The advent of new systems used to monitor and direct on-demand services via “smart” infrastructure has created a new level of convenience and reliability for both the providers and consumers of utilities. But while we’re in the middle of slapping automation into everything we use, has anyone asked whether this is a good idea at present?
Looking at the Vulnerabilities
On the surface, it almost always looks like a great idea to introduce software into systems that deliver services like water, electricity and gas to households. This is why we do it. Currently, there’s a worldwide movement to accelerate the provision of smart electric meters, water treatment automation suites, and several other innovations that help ease the burden of moving these things down the supply chain.
It makes sense and there appears to be no downside, but the writing is already on the wall that systems like these can be far more fragile than they seem.
Nothing illustrates this point better than an intrusion that happened in Oldsmar, Florida, on the 9th of February, 2021. A hacker breached the water treatment facility servicing this town of 15,000 residents and attempted to command the software to raise the level of sodium hydroxide (lye) in the outgoing water main to over 100 times the safe amount.
The only thing that stopped this incident from becoming a catastrophe with mass casualties was the fact that an operator was present the minute the breach was occurring.
The hacker was helped by the incompetence of the staff who used a TeamViewer password that was shared by everyone at the facility. This system in particular was straightforward, but what happens when we introduce greater levels of complexity that could present any number of vulnerabilities?
An analysis on smart electrical grids published on ScienceDirect by scientists from the UAE found several possible weaknesses in these infrastructures that could be compromised. Among them is, as they call it, “implicit trust between traditional power devices.”
Most smart grids are designed with the presumption that no foreign device will try to communicate with their receivers. This level of trust theoretically would allow anyone who can mimic the device “language” to spoof data and report false results to the facility from a remote location.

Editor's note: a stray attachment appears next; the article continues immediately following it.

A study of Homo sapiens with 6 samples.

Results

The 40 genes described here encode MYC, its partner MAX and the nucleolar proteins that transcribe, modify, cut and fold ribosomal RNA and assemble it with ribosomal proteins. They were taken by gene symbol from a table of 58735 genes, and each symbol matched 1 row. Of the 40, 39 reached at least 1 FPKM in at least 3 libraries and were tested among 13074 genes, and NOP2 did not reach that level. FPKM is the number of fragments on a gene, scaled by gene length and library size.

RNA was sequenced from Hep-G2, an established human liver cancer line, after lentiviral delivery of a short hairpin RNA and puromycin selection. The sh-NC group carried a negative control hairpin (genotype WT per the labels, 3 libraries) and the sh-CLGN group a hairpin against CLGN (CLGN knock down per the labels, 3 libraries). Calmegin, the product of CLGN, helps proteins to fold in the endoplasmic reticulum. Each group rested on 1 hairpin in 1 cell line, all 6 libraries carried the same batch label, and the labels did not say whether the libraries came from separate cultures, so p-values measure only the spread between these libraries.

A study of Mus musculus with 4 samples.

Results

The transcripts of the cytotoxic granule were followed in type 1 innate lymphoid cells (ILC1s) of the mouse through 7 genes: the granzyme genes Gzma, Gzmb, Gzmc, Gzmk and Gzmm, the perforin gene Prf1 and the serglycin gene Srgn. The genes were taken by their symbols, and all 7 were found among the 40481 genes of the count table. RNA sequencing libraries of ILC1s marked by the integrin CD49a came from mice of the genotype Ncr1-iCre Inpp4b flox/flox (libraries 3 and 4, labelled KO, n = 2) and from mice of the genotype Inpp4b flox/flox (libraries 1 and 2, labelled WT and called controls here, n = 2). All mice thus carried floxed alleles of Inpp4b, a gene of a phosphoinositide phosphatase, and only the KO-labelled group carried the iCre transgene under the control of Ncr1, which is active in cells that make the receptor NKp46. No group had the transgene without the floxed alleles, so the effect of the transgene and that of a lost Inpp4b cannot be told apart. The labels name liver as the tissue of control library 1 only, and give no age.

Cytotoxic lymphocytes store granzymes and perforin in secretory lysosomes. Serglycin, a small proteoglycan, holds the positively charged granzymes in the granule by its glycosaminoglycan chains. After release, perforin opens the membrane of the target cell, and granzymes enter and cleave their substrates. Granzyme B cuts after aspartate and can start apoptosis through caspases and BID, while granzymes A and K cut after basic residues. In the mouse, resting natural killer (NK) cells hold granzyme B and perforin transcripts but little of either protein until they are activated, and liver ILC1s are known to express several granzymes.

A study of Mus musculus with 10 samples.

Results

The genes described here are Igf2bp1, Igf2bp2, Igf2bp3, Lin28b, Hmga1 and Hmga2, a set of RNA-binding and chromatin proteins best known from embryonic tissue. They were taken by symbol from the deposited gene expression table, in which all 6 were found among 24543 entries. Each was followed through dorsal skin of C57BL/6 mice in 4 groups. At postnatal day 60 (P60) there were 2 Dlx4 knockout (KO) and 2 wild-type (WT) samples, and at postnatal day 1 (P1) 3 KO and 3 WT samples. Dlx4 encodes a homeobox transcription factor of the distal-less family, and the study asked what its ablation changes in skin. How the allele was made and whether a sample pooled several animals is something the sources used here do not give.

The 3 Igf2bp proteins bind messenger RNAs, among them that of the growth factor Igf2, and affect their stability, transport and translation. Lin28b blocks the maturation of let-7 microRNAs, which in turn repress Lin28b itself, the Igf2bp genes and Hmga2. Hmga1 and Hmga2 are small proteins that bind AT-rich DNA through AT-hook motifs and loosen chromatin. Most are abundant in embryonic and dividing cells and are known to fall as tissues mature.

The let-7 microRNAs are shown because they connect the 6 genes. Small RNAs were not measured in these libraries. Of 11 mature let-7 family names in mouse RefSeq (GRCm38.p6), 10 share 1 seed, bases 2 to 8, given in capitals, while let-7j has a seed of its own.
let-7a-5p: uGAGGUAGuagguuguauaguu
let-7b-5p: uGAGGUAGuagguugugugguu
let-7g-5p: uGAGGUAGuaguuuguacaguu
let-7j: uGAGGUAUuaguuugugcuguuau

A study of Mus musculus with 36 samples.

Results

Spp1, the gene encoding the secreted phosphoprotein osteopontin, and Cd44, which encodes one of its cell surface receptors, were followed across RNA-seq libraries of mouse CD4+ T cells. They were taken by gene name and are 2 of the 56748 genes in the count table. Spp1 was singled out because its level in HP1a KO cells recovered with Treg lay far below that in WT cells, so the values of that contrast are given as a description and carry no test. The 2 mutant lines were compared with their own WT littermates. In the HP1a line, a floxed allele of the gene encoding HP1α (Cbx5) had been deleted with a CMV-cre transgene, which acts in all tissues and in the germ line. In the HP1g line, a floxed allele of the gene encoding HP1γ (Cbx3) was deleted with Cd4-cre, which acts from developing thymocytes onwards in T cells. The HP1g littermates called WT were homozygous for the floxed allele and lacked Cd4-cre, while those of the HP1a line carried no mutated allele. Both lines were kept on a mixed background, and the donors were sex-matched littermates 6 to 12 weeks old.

Beyond this, a lot of the hardware and software used by these grid operators can be easily bought and reverse-engineered, as they resemble what already is available to consumers. Because they’re also using the Internet, it wouldn’t be extraordinarily difficult to find a way to perform a large-scale distributed denial of service attack either.
Addressing the Challenges
The vulnerabilities present in the way smart infrastructure is implemented today can be broken down into two words: “human” and “design.”
The human aspect comes in the form of both the operators and end users receiving the services. Both – but especially the former – need to be educated on how to keep their systems and accounts safe. For instance:
- Change your password to something stronger than your birthday or anything that is simple to guess.
- Repeat the above process every few weeks or months.
- Don’t stick any foreign data device into a system that’s mission-critical.
- Avoid allowing systems that have data that doesn’t need to be on the Internet to connect to the Internet.
These four simple rules could have prevented the February intrusion in Florida, and they also shield from the majority of attacks.
As for the “design” aspect of smart infrastructure, companies providing essential services, such as utilities, must take into account how rigorously the devices they use have been tested. The primary concern must always be insulation. Can you send data to this receiver from a smartphone pretending to be a meter? If so, dump it. It’s better to be old-school than have new shiny systems that are built out of thin, rigid glass.
Do you have smart meters? What are your thoughts on potential intrusion by hackers on grid and water systems? Let’s discuss this below!